The town of Stateline, Nev. on Lake Tahoe is a place of bold contradictions. There the rugged crags of the Sierra Nevada end abruptly at an ultramodern gambling casino, where the doors never close and the wheels never stop. There cattle graze in the yard of a concrete, glass and stainless steel bank that is crammed with ready money. And there, omnipresent but often invisible, is a man who looks like a blue-law bishop and is actually the state's top gambler—Bill Harrah, the lord high commissioner and general Pooh-Bah of everything that goes on at Tahoe's south shore.
"I think," said Bill Harrah week before last, as he surveyed a scene that included, among other items, a group of children playing placidly in the freezing water at the edge of the lake, a gathering of the world's top unlimited hydroplane drivers tuning up their boats, and the usual collection of desperate optimists at the crap and roulette tables—"I think," said Bill Harrah, "that this place is unique. There's no other like it. Not, at least, that I know of."
What gave Harrah's words extra force at that moment was the fact that his lake was serving as the unlikely site for the final regatta of the season's U.S. unlimited hydroplane racing championship, and his own hydro, Tahoe Miss, was a top contender. "Bill isn't like the gamblers who just put the money in their pockets," said one of Harrah's neighbors. "He is trying to help the community and the state when he puts on a regatta like this." Less charitable critics are inclined to see baser motives in Harrah's sporting ventures. "He's embarrassed at being a gambler and wants to create an image as a sportsman," they say. Harrah himself, like most hydro promoters (whose cause was furthered last week by a U.S. tax court decision that hydro racing can be tax deductible), freely admits that he races his boat for publicity reasons. Touring around the nation on the unlimited circuit, Tahoe Miss and her driver, Chuck Thompson, certainly keep the name of Harrah's Tahoe club in the public eye. But Bill's feeling for fast engines has deeper roots. When he isn't busy dreaming up publicity angles for his Tahoe club, Harrah loves to drive his collection of Daimlers, Ferraris and Jaguars at breakneck speeds, and he owns an innocent Chevy II station wagon with a hopped-up engine that will push it well above 100 mph. His own cabin cruiser is not specially powered, but its main cabin is lined with mirrors that give it a certain speedy air, and his wife is a blonde ex-show girl named Sherry, whose three French poodles viewed the regatta from the comfort of a stroller in chic blue monogrammed coats and jeweled collars.
As it turned out, Mrs. Harrah's poodles were disappointed, as was the astonishing horde of hydro fans who came hundreds of miles to see the show. The race, as a race, was a fiasco. Instead of running the scheduled three heats, the committee called off the entire regatta after it had scarcely begun.
October 13, 1963
On the first day everything was fine. During the practice heats, boat after boat was lowered to flex its muscles on the mirror-smooth lake. Top favorite to win the $25,000 regatta and the overall points championship that went with it was the green and yellow Gold Cup winner Miss Bardahl (SI, July 15), but she was minus her regular driver, Ron Musson. Ron had hurt his chest when his boat flipped in the Governor's Cup race at Madison, Ind., and though he tried to run her at Tahoe, he had to give up. "My ribs hurt," he complained, and Driver Don Wilson took over.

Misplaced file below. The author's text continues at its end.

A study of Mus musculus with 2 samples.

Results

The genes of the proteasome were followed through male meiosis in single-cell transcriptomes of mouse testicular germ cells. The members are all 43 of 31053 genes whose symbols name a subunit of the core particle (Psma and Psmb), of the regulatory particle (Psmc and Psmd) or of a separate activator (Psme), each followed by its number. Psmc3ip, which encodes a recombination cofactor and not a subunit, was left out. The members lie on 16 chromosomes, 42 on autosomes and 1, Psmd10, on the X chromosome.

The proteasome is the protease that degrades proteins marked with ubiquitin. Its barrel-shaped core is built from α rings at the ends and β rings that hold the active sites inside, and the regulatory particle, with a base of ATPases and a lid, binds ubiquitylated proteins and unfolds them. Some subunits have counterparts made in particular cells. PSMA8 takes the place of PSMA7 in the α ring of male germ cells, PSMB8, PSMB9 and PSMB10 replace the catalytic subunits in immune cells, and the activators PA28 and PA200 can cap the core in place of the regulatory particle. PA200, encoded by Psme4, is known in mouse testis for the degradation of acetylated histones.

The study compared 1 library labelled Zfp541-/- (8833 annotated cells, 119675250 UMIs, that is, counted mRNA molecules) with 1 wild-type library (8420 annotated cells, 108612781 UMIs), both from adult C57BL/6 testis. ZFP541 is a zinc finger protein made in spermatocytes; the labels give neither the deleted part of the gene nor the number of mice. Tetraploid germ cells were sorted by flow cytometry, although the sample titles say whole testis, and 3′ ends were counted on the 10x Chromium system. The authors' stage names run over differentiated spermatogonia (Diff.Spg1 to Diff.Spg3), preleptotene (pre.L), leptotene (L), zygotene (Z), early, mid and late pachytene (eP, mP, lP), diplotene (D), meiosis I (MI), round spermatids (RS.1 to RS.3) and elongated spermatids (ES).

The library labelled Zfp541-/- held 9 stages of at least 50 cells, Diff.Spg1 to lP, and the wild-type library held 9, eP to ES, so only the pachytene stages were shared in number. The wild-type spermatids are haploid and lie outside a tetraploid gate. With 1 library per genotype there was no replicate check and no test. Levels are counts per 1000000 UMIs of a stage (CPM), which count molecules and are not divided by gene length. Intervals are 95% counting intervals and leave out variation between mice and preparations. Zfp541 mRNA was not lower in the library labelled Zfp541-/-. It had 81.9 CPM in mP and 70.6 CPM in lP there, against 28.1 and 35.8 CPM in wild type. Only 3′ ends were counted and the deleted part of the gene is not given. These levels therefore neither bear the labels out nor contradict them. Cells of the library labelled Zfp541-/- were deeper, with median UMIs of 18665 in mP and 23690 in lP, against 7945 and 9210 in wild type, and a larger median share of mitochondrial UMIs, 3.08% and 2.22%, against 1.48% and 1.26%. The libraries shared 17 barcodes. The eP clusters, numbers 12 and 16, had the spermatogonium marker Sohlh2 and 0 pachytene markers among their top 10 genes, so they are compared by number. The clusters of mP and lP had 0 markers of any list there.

Next to Miss Bardahl in the Tahoe pits was a substitution of another kind, not of drivers but of boats. Miss Exide, one of the nation's top hydros, had blown up at Coeur d'Alene, sending Driver Mira Slovak to the hospital. After this mishap, Exide's owners, Milo and Glen Stoen, had sent Miss Wahoo to run in her place and in her name, but the American Power Boat Association ruled that one boat's accumulated points could not be assumed by another boat. This left the newly christened Miss Exide relatively pointless and out of the running.
When the real racing began next day, six boats headed out to contest the first part of the first heat: Tempo, $ Bill, Fascination I, Miss Madison, Gale V, and Miss Eagle Electric. For 15 miles they roared around like airplanes trying vainly to take off. At the end, Gale V emerged as the winner with a speed of 103.607 mph. Then five more boats went out: Notre Dame, Miss Exide (nee Wahoo), Fascination (not to be confused with Fascination I), Harrah's own Tahoe Miss, and Miss Bardahl. The lake was still quiet when Miss Bardahl returned, the winner at 106.508 mph.
Heat 2a went off with only a suspected foul, a squabble and a disqualification to mar the surface, then heat 2b got under way. Suddenly the wind roared down the mountain, whipping the lake into a sea. Rescue boats tossed up and down, and instead of keeping her three points balanced on the water as a proper hydro should, Miss Bardahl, well in the lead, began sailing through the air over the whitecaps. The race committee canceled the rest of the regatta forthwith and, under the rules which give the victory to the fastest boat in the last completed heat, declared Miss Bardahl the overall winner and the new hydroplane champion of the U.S.
Plagued with fuel-line trouble. Bill Harrah's Tahoe Miss fared no better than his regatta, but most of his casino and hotel guests were ignorant of these difficulties. Dragging wearily at the handle of a slot machine near the hydro-pit, one gambler displayed a meager handful of silver dollars. "This is all I've got left after working at this thing all night," he said. "I don't have any time to watch boat races."
"Hydros?" asked another gambler in wonderment. "What kind of a game is that?"